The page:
Despite increases in overall suicide rates during the past 2 decades, a new study by the American Cancer Society found that cancer-related suicides declined by 2.8% per year.1

Thoughts of suicide following a cancer diagnosis are very common, although relatively few patients attempt or complete suicide according to an article by Cancer Network. Risk factors can include both cancer-related and general suicide risk factors, all of which may interact to create a higher risk. Notably, the article said patients are most willing to attempt suicide within the first year after their diagnosis, and adult survivors of childhood cancers are at particular risk.2

Clinical factors include depression, demoralization, pain, a lack of social support, and the feeling that they are a burden to others. Interventions to reduce suffering, restore connections with others, and maintain safety are essential, and the authors said normalizing conversations about suicidal ideation and suicide itself is important in order to get resources to patients who need them.2

To examine trends in cancer-related suicides compared with overall suicides in the United States, investigators calculated average annual percentage change of suicide rates, analyzed with risk factors that include age, sex, urban and rural status, and cancer type. Of cancer-related suicides, the results showed that lung cancer (18.2%), prostate cancer (15.4%), and colorectal cancer (9.1%) were the most common contributing causes.1

Furthermore, the investigators found that the largest declines in cancer-related suicide rates were among high-risk populations, suggesting an evolving role of psycho-oncology and palliative or hospice care for patients with cancer and survivors during the study period. They also found that cancer-related suicide rates had large declines among patients who were older, male, living in urban areas, and with prostate or lung cancer.1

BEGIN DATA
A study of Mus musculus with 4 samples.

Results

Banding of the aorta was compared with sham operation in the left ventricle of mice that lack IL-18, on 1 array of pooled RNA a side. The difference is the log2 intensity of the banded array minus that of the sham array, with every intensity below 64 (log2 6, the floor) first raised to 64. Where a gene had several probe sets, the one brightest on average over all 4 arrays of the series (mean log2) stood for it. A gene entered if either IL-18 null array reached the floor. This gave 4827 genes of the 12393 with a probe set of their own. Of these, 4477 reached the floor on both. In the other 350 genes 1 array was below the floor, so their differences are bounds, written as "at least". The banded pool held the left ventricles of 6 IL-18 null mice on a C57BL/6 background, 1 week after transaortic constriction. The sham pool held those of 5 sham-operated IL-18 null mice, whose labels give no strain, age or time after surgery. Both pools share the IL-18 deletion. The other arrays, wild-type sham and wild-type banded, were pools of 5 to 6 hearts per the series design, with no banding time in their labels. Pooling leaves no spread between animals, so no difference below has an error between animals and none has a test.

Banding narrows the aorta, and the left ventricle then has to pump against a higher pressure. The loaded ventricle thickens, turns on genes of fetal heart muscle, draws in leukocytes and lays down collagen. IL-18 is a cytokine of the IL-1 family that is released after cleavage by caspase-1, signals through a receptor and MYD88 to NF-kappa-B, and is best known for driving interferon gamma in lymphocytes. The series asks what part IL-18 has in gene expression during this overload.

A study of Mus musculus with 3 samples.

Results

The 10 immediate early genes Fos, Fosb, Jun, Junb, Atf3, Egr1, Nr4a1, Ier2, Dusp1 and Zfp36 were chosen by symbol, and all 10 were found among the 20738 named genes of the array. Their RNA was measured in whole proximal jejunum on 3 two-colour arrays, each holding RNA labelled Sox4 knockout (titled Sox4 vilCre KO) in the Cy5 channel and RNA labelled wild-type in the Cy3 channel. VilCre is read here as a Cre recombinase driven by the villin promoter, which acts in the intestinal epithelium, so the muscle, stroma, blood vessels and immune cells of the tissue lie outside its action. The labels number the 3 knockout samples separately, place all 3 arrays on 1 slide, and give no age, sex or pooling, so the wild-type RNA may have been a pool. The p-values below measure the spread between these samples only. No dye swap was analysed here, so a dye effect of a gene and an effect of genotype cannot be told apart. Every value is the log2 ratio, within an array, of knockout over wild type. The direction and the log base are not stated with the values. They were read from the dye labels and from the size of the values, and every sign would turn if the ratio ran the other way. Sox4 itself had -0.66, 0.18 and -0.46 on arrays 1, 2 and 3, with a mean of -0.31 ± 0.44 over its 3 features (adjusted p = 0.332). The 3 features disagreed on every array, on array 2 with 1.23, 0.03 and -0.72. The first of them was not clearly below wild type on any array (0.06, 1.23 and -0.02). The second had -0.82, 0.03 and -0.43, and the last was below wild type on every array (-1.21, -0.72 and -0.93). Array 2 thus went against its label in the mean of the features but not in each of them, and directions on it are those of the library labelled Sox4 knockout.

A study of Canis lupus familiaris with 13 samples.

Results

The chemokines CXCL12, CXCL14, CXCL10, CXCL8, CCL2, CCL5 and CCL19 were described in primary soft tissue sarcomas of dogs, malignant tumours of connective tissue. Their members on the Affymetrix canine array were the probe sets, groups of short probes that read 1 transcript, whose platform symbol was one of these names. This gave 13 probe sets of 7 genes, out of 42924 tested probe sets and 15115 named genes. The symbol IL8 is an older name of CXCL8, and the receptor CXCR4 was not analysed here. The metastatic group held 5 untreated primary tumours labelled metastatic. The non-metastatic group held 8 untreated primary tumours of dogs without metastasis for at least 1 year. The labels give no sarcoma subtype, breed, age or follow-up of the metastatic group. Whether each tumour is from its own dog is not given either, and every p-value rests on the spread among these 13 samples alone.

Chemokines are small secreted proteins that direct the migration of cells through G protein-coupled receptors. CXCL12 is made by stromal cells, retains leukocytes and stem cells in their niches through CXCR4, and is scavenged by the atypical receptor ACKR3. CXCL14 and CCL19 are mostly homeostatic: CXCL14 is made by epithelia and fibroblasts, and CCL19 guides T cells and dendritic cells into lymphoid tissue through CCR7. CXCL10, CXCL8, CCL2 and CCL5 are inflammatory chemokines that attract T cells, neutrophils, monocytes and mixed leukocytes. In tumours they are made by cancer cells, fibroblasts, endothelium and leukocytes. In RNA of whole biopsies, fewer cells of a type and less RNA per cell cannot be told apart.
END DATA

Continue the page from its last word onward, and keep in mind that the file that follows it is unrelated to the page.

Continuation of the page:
During the same study period, the study authors noted that the gun and opioid epidemics emerged as major public health concerns, and overall suicide rates with firearms and drugs increased. However, they said cancer-related suicides with firearms did not increase and suicides with drugs remained low. These findings could suggest different risk profiles of suicide for patients with cancer compared with the general population.1

“Advances in supportive care and policies ensuring equitable access to increased psychosocial care, and palliative and hospice care services are essential in delivering high quality cancer care to maximize patients and families’ quality of life,” the authors concluded.1

  1. Cancer-Related Suicide Declined in the US During the Past Two Decades [news release]. American Cancer Society; January 19, 202 Accessed January 20, 202
  2. McFarland D, Walsh L, Napolitano S, et al. Suicide in Patients With Cancer: Identifying the Risk Factors. Cancer Network; June 19, 2019. Accessed January 20, 2021.